Thursday, April 10, 2008
It sure seems that spring was early this year. My daffodils and tulips were 2-3 weeks early. Ditto my lilac. Of course, I'm really happy about the lilac as it's one of my favorite fragrances. The bush is loaded with blooms this year too!
Willa and me did a bunch of seed starts a few weeks ago. The germination rate was over 95%, so we're really happy about that. We'll be planting tomatoes with names like Red Siberian, Bloody Butcher and Mexico Midget, not to mention the more usual Italian Plum tomatoes and grape tomatoes. We've also got a good start on pak choi, two types of eggplant (grilled eggplant, yum!), squash, runner beans and bell and spicy peppers.
Did anyone know about compressed peat pellets? They're super compressed into small 1.5" discs and you set them up in a germination tray and give them a good watering with very warm water. They expand about 4 times larger, then you can just pop your seeds in and you're ready. Then after a few weeks, you can just plop the seedlings and their peat pots into the next size up pots, fill with potting soil, water deeply and after a few days of hardening off, they're ready for the green house. I thought those peat pellets were so cool and who ever invented them deserves a real pat on the back.
The Siberian elms seemed to be the first to show green this year. And it's not leaves first... it's their seeds. They're good germinators too. But, BUT, it's a nuisance tree too. At least here, maybe not so in their place of origin. They were brought to Albuquerque by Clyde Tingley, a former mayor and his wife sometime in the late 20's or early 30s as part of a beautification project because they're mildly drought hardy. However they were as someone called them "environmentally ignorant" about how non-native plants can take over an area. Like kudzu in the South. The problem is the nuisance factor. The seeds volunteer everywhere and they're hard to get rid of and the trees are subject to disease too. I do get a chuckle though... some local artist has used them to do a bonasi forest with them and put a picture of it up on his blog. If you go to google images with keywords 'siberian elm seeds' it should be the first picture that comes up.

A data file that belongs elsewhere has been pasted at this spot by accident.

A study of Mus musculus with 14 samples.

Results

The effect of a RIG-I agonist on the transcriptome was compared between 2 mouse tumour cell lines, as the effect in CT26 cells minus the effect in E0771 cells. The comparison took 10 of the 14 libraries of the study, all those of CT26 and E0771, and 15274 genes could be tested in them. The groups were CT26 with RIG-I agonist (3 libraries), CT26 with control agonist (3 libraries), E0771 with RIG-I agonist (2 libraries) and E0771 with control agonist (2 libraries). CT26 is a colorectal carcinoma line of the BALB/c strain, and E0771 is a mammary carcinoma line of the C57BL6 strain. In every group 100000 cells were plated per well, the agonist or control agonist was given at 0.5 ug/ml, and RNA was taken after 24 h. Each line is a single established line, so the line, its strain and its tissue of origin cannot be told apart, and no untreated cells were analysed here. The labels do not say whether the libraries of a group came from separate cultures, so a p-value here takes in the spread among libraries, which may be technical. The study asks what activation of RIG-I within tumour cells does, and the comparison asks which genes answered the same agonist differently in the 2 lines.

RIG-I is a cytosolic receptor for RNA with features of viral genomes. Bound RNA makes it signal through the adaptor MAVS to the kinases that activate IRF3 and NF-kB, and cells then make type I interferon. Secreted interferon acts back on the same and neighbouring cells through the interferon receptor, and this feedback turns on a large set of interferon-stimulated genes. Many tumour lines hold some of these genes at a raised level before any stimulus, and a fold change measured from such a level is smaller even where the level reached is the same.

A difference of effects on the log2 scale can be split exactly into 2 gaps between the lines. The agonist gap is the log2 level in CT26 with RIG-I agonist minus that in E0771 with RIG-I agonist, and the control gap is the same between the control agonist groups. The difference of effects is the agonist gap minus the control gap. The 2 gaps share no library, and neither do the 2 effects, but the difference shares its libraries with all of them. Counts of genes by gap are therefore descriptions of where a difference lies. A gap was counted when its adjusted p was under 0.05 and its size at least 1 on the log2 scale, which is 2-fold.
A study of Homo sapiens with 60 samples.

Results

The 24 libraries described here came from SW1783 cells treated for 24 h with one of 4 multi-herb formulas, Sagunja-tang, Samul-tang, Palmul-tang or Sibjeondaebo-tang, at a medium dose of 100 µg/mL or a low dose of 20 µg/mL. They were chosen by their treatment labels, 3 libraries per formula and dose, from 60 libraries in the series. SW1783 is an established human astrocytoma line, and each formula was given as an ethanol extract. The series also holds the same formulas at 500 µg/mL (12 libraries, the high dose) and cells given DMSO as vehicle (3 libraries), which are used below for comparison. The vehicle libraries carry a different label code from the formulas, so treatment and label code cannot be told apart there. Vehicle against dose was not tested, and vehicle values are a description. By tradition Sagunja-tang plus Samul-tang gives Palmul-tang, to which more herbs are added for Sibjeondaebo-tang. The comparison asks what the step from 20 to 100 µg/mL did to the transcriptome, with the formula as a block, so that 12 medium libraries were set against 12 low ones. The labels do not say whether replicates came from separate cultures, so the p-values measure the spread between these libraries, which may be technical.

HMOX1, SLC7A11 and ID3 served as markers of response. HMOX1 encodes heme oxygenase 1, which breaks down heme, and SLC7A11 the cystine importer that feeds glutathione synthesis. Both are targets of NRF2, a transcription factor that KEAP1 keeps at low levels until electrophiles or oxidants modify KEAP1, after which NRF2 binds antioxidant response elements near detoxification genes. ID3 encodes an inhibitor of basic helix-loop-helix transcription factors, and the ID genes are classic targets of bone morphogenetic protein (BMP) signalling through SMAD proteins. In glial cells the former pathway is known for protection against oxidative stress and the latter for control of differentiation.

I love watching how the greens of spring seem to follow the elevation of the town. For example, if the Japanese plum flowers downtown near the railroad, I can pretty much say when other Japanese plums will be green up and flower or in other parts of town within x number of days depending on the elevation and micro climates around them. Ok, that is one of the advantages of generally staying put in one town for a lifetime -- a person has plenty of time to develop intimacy with the environment.